Iran’s ninth parliamentary elections were wrapped up after voting was extended for five hours until 11PM local time.

Elections headquarters announced that vote counting began immediately and will continue without interruption.

Iranian media reported voter turnout of 68 percent, but no official statistics have been released yet. Opposition groups report that participation was lower than usual.

Preliminary results indicate that Mohammadreza Tabesh, a reformist figure linked to former president Mohammad Khatami, has been elected to the next Parliament. Mostafa Kavakebian, another reformist figure, reportedly did not get get into parliament.

It is also reported that Parvin Ahmadinejad, Mahmoud Ahmadinejad’s sister, failed to get a seat in parliament.

The most talked about event of the elections turned out to be news of Mohammad Khatami’s participation. Khatami had indicated that reformists such as himself could not take part in the elections unless all political prisoners were released and an open political atmosphere was guaranteed.

Some opposition analysts have interpreted Khatami’s casting of a vote as an attempt to maintain negotiation channels with the establishment. However, many reformist journalists have denounced Khatami’s actions, criticizing his lack of commitment to his own statements.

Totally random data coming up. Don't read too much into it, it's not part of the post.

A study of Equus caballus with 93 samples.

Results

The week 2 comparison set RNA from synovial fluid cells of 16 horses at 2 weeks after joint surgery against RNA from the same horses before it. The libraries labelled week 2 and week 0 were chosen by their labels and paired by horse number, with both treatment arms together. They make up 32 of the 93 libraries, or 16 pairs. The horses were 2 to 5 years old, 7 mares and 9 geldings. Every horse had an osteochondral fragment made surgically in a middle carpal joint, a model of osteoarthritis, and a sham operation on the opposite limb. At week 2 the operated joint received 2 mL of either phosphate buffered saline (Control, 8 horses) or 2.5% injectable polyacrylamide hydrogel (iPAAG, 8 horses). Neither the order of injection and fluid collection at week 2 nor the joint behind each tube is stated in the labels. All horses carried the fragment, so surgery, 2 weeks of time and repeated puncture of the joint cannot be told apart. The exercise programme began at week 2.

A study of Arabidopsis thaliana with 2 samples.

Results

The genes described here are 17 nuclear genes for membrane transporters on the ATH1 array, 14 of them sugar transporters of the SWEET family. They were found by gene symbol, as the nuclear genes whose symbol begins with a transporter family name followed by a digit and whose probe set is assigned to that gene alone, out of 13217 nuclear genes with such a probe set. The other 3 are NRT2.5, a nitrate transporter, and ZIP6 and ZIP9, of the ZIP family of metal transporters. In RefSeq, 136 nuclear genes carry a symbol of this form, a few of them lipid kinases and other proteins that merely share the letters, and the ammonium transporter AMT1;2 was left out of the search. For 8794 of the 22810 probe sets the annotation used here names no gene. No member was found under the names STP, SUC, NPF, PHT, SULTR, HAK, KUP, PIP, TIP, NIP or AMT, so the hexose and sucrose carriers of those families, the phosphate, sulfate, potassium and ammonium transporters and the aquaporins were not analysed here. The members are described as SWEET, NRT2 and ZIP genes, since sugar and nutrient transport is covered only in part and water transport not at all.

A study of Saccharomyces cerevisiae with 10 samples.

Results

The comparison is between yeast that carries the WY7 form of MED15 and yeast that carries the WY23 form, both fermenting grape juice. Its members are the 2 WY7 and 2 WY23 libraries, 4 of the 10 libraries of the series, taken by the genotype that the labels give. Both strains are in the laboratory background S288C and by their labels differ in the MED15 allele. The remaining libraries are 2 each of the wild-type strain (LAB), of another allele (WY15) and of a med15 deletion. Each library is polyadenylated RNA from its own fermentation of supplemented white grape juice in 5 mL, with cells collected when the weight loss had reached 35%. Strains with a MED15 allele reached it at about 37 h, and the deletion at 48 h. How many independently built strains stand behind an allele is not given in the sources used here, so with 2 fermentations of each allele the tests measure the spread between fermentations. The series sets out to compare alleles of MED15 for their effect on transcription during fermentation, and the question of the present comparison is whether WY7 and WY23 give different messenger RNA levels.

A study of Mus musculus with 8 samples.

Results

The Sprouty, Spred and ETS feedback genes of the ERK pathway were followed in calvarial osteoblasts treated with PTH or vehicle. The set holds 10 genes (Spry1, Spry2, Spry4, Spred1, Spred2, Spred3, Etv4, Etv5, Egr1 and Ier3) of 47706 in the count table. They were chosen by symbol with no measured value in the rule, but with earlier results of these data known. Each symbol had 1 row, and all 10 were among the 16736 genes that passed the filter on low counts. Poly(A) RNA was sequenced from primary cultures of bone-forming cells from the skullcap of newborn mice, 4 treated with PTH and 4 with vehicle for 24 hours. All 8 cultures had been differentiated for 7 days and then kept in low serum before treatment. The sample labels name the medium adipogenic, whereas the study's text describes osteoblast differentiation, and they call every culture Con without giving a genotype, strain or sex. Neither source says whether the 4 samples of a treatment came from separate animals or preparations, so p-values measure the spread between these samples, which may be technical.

Also casting ballots were Akbar Hashemi Rafsanjani, the head of the Expediency Council, and Hassan Khomeini, two top figures in the Islamic Republic establishment who have been cautiously critical of the government’s crackdown on protesters over the past three years.

Rafsanjani, who had called for a recount in the last election, said today: “God willing, the result of today’s elections will be what people cast in the ballots.”

He added: “If the outcome is what people have voted for, we will have a good Parliament.”

The 2009 presidential elections were marred by allegations of vote fraud. Reformist candidates MirHosein Mousavi and Mehdi Karroubi challenged the victory of Mahmoud Ahmadinejad, and mass street protest were met with a severe crackdown and continued arrests. Mousavi and Karroubi were put under house arrest together with their wives last year and have not been released yet.

Many reformist groups boycotted the parliamentary elections. calling them “undemocratic” and “a sham” in view of the closed political atmosphere and the continued arrest of political activists.